Review: “A Wizard’s Guide to Defensive Baking,” T. Kingfisher

Rating: 5 out of 5

T. Kingfisher’s fantasy novel A Wizard’s Guide to Defensive Baking is nominally a children’s book, but it’s totally readable for adults. Also, as with many of Kingfisher’s works, there are dark parts to it.

Mona is a 14-year-old wizard of bread. She helps her Aunt Tabitha run her bakery. She can make the gingerbread men dance, convince bread not to burn, and her sourdough starter is so over-eager that she named it Bob. But everything changes for her when she finds a girl dead on the floor of the bakery when she comes in to open in the morning. The constables don’t really care much about what’s going on, and Inquisitor Oberon seems awfully eager to see Mona go down for the murder–he seems to have something against wizards, even one as minor as Mona. Though Mona manages to regain her freedom, she ends up meeting a street kid called Spindle, whose sister was the dead body Mona discovered. Before long Mona and Spindle are on the run, there’s a registry that wizards have to put themselves on, and the constables seem to be in cahoots with Oberon. Wizards are at the very least going missing, and rumor has it they’re being killed. The famous hero of the army is outside of the city on a hunt for Carex mercenaries, and the Duchess, who runs the city, is someone Mona is certain wouldn’t agree to everything that’s going on. There’s also someone called “the Spring Green Man” who’s rumored to be killing wizards.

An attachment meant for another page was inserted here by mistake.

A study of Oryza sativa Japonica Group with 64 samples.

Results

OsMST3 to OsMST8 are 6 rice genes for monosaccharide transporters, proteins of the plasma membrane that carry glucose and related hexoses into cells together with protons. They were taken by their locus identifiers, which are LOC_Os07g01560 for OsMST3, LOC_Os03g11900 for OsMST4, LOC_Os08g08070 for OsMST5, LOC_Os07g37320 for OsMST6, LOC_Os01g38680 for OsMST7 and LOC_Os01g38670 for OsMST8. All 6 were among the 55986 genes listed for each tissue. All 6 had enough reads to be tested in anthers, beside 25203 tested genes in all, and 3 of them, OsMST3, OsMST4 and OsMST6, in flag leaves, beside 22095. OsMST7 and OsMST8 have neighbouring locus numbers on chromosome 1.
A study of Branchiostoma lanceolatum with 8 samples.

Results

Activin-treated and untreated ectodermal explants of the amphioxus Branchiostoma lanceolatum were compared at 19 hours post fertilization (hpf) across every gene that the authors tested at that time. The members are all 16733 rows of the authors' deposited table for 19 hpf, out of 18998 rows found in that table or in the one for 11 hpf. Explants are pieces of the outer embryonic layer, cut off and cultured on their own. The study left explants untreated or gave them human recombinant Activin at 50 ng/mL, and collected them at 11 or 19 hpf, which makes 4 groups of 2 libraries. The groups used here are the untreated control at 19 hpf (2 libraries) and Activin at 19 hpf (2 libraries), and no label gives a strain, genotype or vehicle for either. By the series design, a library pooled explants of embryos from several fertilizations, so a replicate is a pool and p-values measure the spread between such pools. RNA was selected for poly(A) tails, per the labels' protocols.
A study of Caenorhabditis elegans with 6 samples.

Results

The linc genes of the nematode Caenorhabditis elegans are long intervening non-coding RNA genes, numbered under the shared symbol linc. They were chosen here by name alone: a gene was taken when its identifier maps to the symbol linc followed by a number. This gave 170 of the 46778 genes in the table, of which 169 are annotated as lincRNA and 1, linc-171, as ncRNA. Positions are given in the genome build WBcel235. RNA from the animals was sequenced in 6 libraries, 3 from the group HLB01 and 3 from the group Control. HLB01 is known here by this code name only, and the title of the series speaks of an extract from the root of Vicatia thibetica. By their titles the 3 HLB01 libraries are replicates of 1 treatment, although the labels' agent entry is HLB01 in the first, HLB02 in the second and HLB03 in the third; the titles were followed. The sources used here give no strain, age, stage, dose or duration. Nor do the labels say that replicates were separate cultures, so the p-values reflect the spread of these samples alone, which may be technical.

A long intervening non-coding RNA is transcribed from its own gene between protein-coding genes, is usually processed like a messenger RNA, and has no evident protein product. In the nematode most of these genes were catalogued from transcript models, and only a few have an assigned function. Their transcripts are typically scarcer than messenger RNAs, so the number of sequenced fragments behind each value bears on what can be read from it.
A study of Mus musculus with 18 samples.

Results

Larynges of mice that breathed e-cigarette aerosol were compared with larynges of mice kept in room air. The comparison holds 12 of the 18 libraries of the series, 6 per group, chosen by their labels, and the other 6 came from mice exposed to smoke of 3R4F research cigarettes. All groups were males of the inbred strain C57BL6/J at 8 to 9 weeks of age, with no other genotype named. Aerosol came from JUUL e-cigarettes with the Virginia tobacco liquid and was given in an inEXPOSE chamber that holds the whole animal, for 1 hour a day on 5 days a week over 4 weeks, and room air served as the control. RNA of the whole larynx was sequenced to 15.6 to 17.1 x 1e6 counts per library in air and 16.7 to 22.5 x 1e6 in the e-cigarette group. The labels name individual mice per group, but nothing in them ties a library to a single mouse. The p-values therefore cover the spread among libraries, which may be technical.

The mood of this is outstanding. Humor and dark fantasy are braided together in an amazing skein of whimsical drama. People die. People get hurt. And yet Mona’s at-times humorous observations don’t in any way interfere with that mood–instead they enhance it. She has essentially two familiars: a gingerbread man whom she seems to have given intelligence to, and Bob. (Bob is happy to eat the rats when no one is around to feed him flour and water. No one tell the customers!) I’m amazed at how Kingfisher made me genuinely care about the fates of stale gingerbread and a sometimes-homicidal sourdough starter.

I love the magic system in this book–which is to say, there isn’t one. People just tend to be wizards of bizarre things, like the woman who can make horse skeletons get up and walk. They often won’t even know that they’re a wizard until they bump into just the right situation to set off their magic. Because magic is so haphazard, there are no spells. There are no schools of wizardry. There are no mentors to teach wizards how to be what they are. Instead, it’s all about gaining a handle on the scope of their powers, and then being just as creative as they damn well can be. There’s an absolutely stunning battle in here that pushes Mona to her limits and beyond. I mean really, how could anyone expect a bread wizard to help defend the city?

There’s a fabulous theme of what it really means when children have to be the heroes in a world full of grownups, and how those grownups must have failed for the situation to get to that point. There are parallels to real-world situations in what happens once a would-be despot gets hold of some power. I can’t say enough good things about this novel.